We actually back-tracked five miles this morning to go to a place for breakfast in Mountain View, Wyoming. Crazy Ate Cafe was nice and popular.
When the waitress asked what we wanted to drink, I said coffee and Andy said decaf. She replied that they don’t have decaf. I murmered that it didn’t matter and Andy told the waitress, “Lie to me”. So, when she served the coffee she said, “one coffee and one decaf” with a smile and walked on. Andy ordered a full omelet breakfast. I am not a big breakfast fan so I just ordered a small cinnamon bun. I am proud to say I didn’t eat the whole thing but ashamed to say I ate most of it. We ordered one to go for tomorrow’s breakfast. Folks, that is a full-sized dinner carry-out food container holding a giant cinnamon bun (wrapped in plastic). You should have seen the large ones!
I was approaching a truck on the interstate and turned on my turn signal to move to the left lane. Two cars and one motorcycle went by. I knew there had been two motorcycles but didn’t see the second one in my rearview mirror. I turned my head and there he was right alongside. He was pointing to the side of our RV. Then he moved on. I pulled over and stopped at the next exit ramp. It was the fuel fill door, left open from our fuel stop. Thank you, motorcycle man.
We left I-80 and turned northward on I-84. The grassy mountains turned into a rocky gorge as the interstate followed the Weber River down the mountain. It was gorgeous (pun intended). For a while, the river ran in the median of the interstate. We saw a busload of whitewater rafters getting ready to launch and also many already in the river. Andy said we were heading north along the east side of the Great Salt Lake but were not close enough to see it. Also, there was a mountain between us and the lake.
A bit north of Ogden, Utah, I saw one of those brown signs for parks. I caught a glimpse of it just as we passed the exit. It said “Golden Spike National Historic Park. I could not pass that by. The next exit was just a mile or two up the road, so I turned around and came back. Then we noted that the park was twenty-seven miles off the interstate. Andy did not object, so I carried on.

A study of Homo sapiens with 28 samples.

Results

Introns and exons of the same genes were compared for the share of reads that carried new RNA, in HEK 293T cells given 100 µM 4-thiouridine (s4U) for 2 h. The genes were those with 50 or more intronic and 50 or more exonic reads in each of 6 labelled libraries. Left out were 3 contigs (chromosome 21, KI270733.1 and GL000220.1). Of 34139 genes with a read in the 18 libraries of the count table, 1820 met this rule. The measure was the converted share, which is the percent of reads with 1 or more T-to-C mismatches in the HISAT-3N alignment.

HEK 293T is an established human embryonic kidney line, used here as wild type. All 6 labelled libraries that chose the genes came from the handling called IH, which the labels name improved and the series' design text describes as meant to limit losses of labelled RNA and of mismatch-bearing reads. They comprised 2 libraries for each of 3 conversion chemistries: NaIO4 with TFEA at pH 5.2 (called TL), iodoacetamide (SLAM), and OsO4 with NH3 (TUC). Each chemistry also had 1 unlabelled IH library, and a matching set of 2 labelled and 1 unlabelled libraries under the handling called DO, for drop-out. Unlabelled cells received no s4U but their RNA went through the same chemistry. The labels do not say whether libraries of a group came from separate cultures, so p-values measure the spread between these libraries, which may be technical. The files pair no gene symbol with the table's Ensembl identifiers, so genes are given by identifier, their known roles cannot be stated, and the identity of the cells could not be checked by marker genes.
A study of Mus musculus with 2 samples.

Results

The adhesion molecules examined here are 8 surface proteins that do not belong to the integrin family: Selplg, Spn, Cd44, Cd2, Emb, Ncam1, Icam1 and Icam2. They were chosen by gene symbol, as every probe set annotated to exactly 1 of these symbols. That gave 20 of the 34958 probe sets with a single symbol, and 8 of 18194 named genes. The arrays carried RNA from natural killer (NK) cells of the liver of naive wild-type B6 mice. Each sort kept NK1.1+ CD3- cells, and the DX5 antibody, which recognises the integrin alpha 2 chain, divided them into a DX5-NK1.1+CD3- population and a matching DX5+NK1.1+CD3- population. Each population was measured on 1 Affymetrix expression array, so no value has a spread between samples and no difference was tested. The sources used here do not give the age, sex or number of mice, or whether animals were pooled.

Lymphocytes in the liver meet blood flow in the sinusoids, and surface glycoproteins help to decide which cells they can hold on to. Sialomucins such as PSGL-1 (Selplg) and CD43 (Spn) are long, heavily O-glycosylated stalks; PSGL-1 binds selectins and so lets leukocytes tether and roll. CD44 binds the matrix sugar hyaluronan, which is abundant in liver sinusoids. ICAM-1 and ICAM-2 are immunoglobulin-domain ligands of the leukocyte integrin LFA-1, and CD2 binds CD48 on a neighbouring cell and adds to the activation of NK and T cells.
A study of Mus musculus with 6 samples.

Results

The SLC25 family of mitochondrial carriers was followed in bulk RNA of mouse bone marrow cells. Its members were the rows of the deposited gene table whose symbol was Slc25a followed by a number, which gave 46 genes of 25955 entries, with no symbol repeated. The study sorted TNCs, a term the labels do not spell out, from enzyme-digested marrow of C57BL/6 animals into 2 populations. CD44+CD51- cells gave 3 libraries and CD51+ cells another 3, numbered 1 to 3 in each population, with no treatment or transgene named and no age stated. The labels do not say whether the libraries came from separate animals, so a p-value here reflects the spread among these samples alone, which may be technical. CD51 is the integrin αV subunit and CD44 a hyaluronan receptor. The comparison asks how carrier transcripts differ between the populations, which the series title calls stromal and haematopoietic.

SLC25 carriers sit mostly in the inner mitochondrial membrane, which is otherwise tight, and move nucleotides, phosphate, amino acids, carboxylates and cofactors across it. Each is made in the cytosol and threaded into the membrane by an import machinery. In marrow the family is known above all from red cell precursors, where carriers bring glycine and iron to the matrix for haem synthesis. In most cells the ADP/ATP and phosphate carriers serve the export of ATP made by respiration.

It was twenty-seven curvy miles through farm fields and then barren grassland. We were truly out in the middle of nowhere when we came across an enormous Northrup Gruman facility. It has something to do with rockets.
Promontory Summit is at the end of nowhere, at the north end of the Great Salt Lake. The scenery all around is grassy plains and mountains. The visitor center parking lot was nearly full including a dozen or two hot rods.
The visitor center is a very attractive stone building and this is the view out the back.
We walked out for a closer look. These two locomotives are replicas of the Central Pacific’s “Jupiter” and the Union Pacific’s No. 119. They were built in 1979. No. 119 was running and a sign warned people not to touch it.
The “last tie” was between the trains and had a plaque on it. It is not the one used in the ceremony; it was taken back to San Francisco and burned in a fire after the San Francisco earthquake. Of course, the golden spike was not left there to be stolen either. It is in the museum at Stanford University. I was still thrilled to stand on the very spot where the U.S. east and west were connected. It was the beginning of an era.
If you have not read Stephen Ambrose’ “Nothing Like It in the World” order it right now. Here, I’ll make it easy for you. This was one of the best history books I’ve read. Ambrose is as readable as a novel. It gave me a real appreciation for the Herculean effort and tremendous amount of money (and a high cost in human lives) that went into completing the transcontinental railroad.
What American school student has not seen this photo?
We watched the twenty-minute movie and then got back on the road west. We crossed the Snake River three or four times on our way through farm country to Mountain Home, Idaho. We finished our long day of 235 miles at 1839.